I’ve written in the past about my friend Cedo’s finca (farm) in Cuesta de Piedra. She mainly manages the dairy cattle, but there are also pigs on the farm. They belong to her son Harry who lives in Panama City.
The pigs are being raised for meat. I heard that some were going to be sold so I put in my order for one. Another family member was put in charge of coordinating the job, and soon after the appointed time he showed up at my house with the pig, in three huge pieces!
I learned later that when a Panamanian buys a pig this is how it is delivered. The person is then expected to chop it up with a meat cleaver or machete. But, I know nothing about chopping up pork. It arrived late in the day and I wasn’t going to spend the night learning so in the freezer it went, with promises that a guy with the proper equipment would solve the problem the next day.
As with many things Panamanian and a busy guy with a lot on his plate, it was a few days before the problem was solved. I was directed to a store here in town where Alexander, the owner, had the necessary equipment.
As with most things, there are silver linings. This looks like a very good store to buy meat. It was spotlessly clean with no smells. The people were very nice and even gave us coffee while we waited.
If you want to find this place, it’s on Ave 8a Oeste and Calle B Sur, on the corner across from the Hotel Imperial.
Here are the boards with the prices and cuts of meat.
This guy is definitely used to dealing with meat. Each of our pieces was more than 35 pounds, and he picked up two of them like they were nothing and carried them into the back room. The meat was frozen which we were told is easier for cutting, but also limits the amount of finesse that can be used to get various cuts of meat.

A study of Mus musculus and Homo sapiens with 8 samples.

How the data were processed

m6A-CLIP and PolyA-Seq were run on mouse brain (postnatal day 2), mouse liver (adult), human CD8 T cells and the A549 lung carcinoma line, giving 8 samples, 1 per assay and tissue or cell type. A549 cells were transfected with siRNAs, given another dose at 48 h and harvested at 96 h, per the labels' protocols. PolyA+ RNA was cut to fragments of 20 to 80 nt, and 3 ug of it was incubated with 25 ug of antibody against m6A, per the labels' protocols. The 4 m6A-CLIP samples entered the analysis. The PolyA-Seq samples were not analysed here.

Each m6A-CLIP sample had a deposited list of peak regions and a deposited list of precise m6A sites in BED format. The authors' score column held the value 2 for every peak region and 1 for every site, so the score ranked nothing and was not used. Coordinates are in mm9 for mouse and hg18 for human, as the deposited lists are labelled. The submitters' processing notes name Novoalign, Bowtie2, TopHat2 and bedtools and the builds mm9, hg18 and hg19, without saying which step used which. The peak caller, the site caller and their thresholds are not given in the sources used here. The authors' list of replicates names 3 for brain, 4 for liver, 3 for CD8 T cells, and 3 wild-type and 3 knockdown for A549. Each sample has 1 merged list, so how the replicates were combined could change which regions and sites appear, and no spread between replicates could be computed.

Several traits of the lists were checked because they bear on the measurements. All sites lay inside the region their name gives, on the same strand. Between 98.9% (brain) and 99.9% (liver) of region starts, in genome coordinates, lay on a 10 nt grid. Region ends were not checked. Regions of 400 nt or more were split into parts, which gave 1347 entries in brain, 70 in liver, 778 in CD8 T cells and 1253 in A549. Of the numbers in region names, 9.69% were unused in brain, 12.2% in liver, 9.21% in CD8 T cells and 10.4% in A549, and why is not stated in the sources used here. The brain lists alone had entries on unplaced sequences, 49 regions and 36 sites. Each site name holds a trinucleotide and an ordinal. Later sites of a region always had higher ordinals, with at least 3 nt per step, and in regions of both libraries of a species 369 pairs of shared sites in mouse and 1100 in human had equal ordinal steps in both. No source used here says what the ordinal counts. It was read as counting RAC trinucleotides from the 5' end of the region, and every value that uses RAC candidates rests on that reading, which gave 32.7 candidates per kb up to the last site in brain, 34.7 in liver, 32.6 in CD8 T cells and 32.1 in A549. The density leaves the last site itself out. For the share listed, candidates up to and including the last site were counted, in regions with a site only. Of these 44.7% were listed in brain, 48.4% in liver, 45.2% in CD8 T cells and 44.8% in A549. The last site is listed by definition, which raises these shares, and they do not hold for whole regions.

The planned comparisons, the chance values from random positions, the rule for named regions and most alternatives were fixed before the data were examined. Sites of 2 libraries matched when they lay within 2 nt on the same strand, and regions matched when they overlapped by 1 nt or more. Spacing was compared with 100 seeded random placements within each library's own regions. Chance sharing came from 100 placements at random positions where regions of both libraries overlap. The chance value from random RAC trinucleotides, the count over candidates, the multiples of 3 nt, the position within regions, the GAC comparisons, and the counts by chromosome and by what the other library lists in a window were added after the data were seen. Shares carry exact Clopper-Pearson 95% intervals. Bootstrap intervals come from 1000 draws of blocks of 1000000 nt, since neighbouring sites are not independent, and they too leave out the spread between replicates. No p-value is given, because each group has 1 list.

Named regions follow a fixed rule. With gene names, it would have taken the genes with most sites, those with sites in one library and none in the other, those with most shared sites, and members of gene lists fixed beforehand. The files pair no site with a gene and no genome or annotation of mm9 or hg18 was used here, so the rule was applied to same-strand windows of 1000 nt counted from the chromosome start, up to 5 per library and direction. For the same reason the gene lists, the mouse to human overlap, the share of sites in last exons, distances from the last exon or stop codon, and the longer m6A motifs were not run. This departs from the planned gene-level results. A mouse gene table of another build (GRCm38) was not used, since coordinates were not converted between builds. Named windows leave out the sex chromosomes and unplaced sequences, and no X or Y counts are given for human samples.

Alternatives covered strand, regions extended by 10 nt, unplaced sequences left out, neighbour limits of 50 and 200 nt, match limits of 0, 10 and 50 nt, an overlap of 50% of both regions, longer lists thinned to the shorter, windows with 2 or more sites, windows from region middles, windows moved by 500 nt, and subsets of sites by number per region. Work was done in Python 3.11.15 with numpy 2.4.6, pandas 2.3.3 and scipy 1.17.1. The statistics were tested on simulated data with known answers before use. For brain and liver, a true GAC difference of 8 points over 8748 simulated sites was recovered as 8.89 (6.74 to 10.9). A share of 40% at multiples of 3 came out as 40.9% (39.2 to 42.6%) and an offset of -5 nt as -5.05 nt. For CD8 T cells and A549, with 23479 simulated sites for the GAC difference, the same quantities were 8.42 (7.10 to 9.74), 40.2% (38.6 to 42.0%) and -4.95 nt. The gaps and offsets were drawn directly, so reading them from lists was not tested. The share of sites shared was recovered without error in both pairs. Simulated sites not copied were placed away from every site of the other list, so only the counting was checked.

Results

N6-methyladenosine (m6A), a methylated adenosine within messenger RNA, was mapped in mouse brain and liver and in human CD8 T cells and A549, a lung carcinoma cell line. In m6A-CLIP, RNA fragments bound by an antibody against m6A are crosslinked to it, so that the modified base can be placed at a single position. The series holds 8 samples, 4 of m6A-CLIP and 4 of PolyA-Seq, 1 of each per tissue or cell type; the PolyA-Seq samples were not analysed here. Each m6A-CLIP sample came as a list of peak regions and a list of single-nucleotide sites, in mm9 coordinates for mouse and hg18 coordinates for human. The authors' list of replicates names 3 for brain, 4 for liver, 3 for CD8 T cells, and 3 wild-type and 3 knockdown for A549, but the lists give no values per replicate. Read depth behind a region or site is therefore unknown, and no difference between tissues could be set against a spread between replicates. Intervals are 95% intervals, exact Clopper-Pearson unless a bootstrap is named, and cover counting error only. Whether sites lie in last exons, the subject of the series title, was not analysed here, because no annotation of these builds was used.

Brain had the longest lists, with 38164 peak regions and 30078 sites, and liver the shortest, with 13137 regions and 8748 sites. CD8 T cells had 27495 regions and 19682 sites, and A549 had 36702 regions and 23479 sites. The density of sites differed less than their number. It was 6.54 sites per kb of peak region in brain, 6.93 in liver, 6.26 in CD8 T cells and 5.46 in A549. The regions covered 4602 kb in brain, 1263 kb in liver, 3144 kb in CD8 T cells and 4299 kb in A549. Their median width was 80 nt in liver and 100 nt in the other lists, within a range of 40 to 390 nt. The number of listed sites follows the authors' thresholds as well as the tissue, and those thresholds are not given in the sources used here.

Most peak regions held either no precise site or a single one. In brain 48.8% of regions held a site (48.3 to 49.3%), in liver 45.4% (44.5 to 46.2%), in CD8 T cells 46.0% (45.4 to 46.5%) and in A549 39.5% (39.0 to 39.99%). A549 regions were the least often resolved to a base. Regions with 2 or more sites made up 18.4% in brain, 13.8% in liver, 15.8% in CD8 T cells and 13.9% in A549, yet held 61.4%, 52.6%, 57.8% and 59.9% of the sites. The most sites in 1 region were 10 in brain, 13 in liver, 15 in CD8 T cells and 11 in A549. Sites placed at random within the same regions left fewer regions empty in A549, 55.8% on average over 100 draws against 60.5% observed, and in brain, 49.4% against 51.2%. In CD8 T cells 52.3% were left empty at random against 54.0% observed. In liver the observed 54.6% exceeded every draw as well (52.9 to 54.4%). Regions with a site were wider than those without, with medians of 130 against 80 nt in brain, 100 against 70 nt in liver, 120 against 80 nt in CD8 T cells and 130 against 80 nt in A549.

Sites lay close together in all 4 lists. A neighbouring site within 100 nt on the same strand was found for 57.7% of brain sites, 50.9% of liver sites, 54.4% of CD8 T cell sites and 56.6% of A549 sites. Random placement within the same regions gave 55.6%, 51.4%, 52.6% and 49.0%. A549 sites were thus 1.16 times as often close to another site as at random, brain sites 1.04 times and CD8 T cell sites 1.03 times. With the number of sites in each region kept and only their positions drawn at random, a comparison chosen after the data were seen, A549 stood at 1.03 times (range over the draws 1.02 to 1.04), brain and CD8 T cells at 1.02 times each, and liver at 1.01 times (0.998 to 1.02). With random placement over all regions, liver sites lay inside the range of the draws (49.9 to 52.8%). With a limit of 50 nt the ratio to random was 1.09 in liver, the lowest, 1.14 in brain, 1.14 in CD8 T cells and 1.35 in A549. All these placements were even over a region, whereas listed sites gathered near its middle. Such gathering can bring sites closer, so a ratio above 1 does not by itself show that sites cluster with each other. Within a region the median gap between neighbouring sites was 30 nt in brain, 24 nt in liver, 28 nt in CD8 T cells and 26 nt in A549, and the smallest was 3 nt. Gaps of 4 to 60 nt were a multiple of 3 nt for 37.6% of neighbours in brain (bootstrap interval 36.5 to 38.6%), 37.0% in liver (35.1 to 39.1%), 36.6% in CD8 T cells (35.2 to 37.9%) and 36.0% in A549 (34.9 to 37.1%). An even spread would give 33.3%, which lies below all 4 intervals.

In a very short time, we all the pork neatly sliced, bagged, and returned to the back of our car!
We had no idea what we were going to get. We are used to the various cuts of meat from the USA but here things are often cut differently. Little did we know that eventually we’d come home with everything in neat, one inch slices. There are pork chops like the ones in the first and last pictures, ribs are in the second picture, and there are also other slices that look like the other pictures below. We tried one of the bigger slices and though it wasn’t as tender as the chops, it certainly was delicious.
Of course, after thinking about this pork for days as soon as we got the sliced meat home we had to cook some for lunch. Oh my goodness!! It was absolutely delicious. Panamanians also cut the fat into little pieces and fry that. I’m sure it’s totally illegal for anyone who is trying to limit their fat intake but it sure is good.
I think this might be the best pork we’ve had. It’s a good thing since we have 108 pounds of it and are going to be eating it for a long time. (Oh, and by the way, we paid $2/lb for the pork and weren’t charged for cutting it up. Maybe the guy who delivered it worked it out with the shop since he felt bad about the misunderstanding.) We recently bought a freezer for the pork but I think it’s going to be very useful for other things as well. I have ideas about raising more chickens. There may be some beef coming from the farm. And, I’ve gotten very good at picking up fruit around town which can also be saved in the freezer.
Life is good in Panama, and we eat very well!